There comes a time in everyone’s life where they are not as spry and energetic as they once were. Aging is a natural process and unfortunately, it affects our furry little friends in ways that we don’t always notice, but wish we didn’t have to experience nonetheless.
Caring for an older cat is not the same as when you first brought them into your home as a little kitty. Knowing how to care for your older cat properly will let them grow old with dignity so they can still enjoy their remaining nine lives left on this Earth with you.
Choosing the Right Food
The cat’s diet is dependent on their condition. Older cats don’t have the same requirements as younger cats. An important factor in the right food is naturally the number of nutrients in it, but also the right nutrients. There is a bad misconception about older cats not needing as much protein but they still need the amino acids to help them retain muscle mass and energy. Similarly, they need a good amount of carbohydrates and the proper vitamins, like A, D, E, vitamin Bs, and riboflavin.
Older cats also need food that fits their changing lifestyles. You have to find cat food for older cats with bad teeth if they suffer from dental problems because certain dry foods designed for younger cats may be bad for them, or at least harder to eat. Their food is one of the essences to their remaining years so give them the right nutrients to live well.
Pay Attention to Signs of Pain or Medical Needs
Aging cats will inevitably deal with more physical problems because their body is slowly breaking down. It is sad, but it is part of life as a pet owner to recognize this and do all you can to alleviate the issue. Pay attention to how they walk, how they verbalize possible issues, and give their body a good checkup every now and then to see how everything is. Easy ones to spot are limps, dental problems, and sores underneath the skin. Some might be harder to spot, so you want to seek out help from a vet to figure out how they are doing with a thorough checkup.
Getting Them Exercise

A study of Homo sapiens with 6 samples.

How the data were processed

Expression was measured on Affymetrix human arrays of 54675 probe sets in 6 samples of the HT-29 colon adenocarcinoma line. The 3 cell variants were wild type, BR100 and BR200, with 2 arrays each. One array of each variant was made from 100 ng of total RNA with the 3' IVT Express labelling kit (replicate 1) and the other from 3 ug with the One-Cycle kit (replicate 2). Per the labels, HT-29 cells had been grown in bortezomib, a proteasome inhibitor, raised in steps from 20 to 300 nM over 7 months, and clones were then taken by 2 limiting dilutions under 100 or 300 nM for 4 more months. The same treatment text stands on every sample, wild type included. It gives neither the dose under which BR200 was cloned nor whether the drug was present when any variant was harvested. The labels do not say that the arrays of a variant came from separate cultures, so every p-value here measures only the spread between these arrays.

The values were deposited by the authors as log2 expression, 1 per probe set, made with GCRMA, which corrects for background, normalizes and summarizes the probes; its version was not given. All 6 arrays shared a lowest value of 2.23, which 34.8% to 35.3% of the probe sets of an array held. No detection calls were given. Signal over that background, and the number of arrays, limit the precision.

While they might not be zooming around the house and bouncing off of furniture like they used to, older cats still need some exercise to keep their joints and body limber. Give them toys and other activities to do so they don’t get lazy and loaf around, as well as monitoring how much they eat vs. their activity level. Even just chasing them around and playing for 20 minutes a day can give them some exercise that they desperately need. The older a cat gets, the harder it will be for them to play if you don’t facilitate some exercise with them.
Provide Warmth and Comfort
Older cats like comfortable and warm spots, so it helps them a lot if you can set up a cozy little sleeping area. Give them blankets and put them in a spot that is easy for them to get to and contains enough warmth for them. Cold is really hard on older cats’ bones and joints, so keep it out of basements or other areas that can be damp and unfavorable to them.
Create a More Recognizable and Easy Environment
As they age, cats may lose their senses a lot faster which makes it harder for them to get around the house. If they go blind or at least lose a significant percentage of their vision as many animals do, they need to be able to get around the house easily. Make a recognizable environment for their bed and try not to rearrange stuff on them so they don’t get confused. You should also vocalize so they can hear you and use you as a prompt on where to go. With deaf or hard of hearing cats, try to make yourself visible to them so you don’t startle them.
Focus on Routine
Lastly, and this follows up on the recognizable environment, you want to focus on routine. Feed your elderly cat around the same time every day and make sure that you stick to a good pattern or schedule. Older cats like routine and it helps them get through their day much easier when they know what to expect.
If you use these tips provided to you, you can ensure that your aging cat enjoys the rest of their life and gets to feel just as loved as they did when they were younger.